Orsinian Tales, Ursula K. Le Guin. New York: Library of America, 2016 (originally published in 1976).
Summary: A collection of eleven short stories set in the fictional eastern European country of Orsinia taking place between 1150 and 1965.
This is a lesser-known collection of Ursula K. Le Guin short stories published after her Earth-Sea books, where I first encountered Le Guin many years ago. These are set in an imaginary country, not in another world, but in Eastern Europe in the fictional country of Orsinia. The eleven stories span a period between 1150 and 1965, although not in chronological order.
The first story, The Fountains, suggests the basic theme running through these stories. An Orsinian scientist comes to Paris for a science conference, and takes the opportunity to escape and view the Fountains of Versailles, only to return once more to his hotel and the surveillance of the secret police. This and the other stories chronicle the efforts of people to exert their own freedom against the restrictive circumstances of their lives. A military man excels in his career only to realize he’d sacrificed what and who he’d loved forty years earlier in The Lady of Moge. A clerk with a family longs to be a musician, and despite counsel, determines to keep working on a large composition that will take him years to finish and may not provide any economic benefit. Others seek work that will help them move beyond survival, or love that seems out of reach. In The House, a divorcee comes back to her first husband to re-establish a broken relationship.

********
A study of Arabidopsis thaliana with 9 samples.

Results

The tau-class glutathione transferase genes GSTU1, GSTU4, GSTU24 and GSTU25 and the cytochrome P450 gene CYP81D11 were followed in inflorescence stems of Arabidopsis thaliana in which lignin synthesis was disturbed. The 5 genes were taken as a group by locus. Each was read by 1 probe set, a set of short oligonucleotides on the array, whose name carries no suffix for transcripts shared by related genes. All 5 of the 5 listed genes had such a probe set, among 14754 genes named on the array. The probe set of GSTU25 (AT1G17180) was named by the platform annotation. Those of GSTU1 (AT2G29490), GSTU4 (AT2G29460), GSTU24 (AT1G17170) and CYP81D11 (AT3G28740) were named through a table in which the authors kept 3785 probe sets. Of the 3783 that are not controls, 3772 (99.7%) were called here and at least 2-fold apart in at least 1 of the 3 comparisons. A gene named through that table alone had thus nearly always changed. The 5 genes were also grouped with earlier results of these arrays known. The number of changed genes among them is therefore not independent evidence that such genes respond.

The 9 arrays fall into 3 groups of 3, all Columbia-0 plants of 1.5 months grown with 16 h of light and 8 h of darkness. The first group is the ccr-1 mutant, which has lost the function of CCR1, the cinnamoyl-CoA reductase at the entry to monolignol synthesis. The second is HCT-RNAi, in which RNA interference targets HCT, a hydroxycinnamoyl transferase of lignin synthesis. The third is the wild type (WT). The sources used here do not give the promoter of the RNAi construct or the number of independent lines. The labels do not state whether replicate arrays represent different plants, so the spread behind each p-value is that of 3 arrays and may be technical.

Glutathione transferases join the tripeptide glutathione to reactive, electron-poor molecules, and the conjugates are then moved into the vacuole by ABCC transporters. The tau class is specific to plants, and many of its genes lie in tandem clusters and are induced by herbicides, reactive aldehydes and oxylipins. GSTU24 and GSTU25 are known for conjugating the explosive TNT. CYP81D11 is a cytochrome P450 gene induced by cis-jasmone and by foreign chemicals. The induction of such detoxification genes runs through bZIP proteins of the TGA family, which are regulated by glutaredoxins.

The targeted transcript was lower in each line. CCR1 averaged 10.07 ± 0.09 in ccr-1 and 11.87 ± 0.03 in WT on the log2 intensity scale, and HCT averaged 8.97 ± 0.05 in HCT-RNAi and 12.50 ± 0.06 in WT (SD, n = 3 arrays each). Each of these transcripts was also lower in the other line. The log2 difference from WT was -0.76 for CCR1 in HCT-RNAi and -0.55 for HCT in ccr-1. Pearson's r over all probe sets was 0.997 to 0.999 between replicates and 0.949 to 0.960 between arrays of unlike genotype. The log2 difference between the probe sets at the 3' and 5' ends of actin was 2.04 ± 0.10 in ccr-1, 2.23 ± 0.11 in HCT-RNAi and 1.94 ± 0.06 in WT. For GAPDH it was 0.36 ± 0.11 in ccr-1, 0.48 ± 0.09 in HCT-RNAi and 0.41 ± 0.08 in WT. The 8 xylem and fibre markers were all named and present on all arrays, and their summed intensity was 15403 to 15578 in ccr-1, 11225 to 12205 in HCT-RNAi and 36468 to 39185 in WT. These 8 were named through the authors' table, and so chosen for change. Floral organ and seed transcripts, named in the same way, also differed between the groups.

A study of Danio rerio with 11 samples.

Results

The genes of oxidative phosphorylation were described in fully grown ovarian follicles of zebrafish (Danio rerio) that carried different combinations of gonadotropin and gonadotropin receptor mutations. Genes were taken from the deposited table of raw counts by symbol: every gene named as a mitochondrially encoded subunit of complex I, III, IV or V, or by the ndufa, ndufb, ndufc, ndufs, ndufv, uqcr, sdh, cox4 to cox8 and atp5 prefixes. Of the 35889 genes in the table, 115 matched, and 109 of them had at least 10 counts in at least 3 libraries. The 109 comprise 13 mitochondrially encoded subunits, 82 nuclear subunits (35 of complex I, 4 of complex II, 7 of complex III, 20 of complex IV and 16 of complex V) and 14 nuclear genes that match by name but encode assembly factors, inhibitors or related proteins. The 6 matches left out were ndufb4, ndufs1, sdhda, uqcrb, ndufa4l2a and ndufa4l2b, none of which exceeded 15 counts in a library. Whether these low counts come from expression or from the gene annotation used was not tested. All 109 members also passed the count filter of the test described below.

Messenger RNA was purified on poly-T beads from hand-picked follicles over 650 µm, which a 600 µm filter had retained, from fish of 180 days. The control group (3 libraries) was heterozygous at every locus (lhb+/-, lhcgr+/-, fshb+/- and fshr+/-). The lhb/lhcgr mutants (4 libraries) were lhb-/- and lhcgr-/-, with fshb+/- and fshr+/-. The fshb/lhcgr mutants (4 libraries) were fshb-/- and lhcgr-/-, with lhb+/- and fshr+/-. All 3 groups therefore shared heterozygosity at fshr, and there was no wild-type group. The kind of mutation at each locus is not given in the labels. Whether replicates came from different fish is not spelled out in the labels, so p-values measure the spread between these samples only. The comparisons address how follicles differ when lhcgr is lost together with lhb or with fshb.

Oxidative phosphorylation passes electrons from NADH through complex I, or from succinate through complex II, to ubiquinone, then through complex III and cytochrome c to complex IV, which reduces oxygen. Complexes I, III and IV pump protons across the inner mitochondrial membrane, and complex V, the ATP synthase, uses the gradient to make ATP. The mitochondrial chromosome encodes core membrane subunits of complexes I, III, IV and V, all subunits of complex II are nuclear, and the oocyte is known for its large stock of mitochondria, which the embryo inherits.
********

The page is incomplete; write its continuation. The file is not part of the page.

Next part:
The stories pieced together trace the history of this country from a feudal power to an eastern bloc country. Many of the stories portray what seems a relatively dismal life of eking out an existence under some kind of authoritarian regime. The sense of this all was trying to find some glimpse of happiness in a life that is hard and then you die. Characters seem to seek the transcendent in a world where this doesn’t exist.
No doubt these are finely crafted tales. But the disconnected character of the stories, the jumbled chronology, and the bleak outlook of the stories failed to capture my interest. Remembering the Earth-Sea books, The Lathe of Heaven and The Left Hand of Darkness, I anticipated more. I didn’t find it here.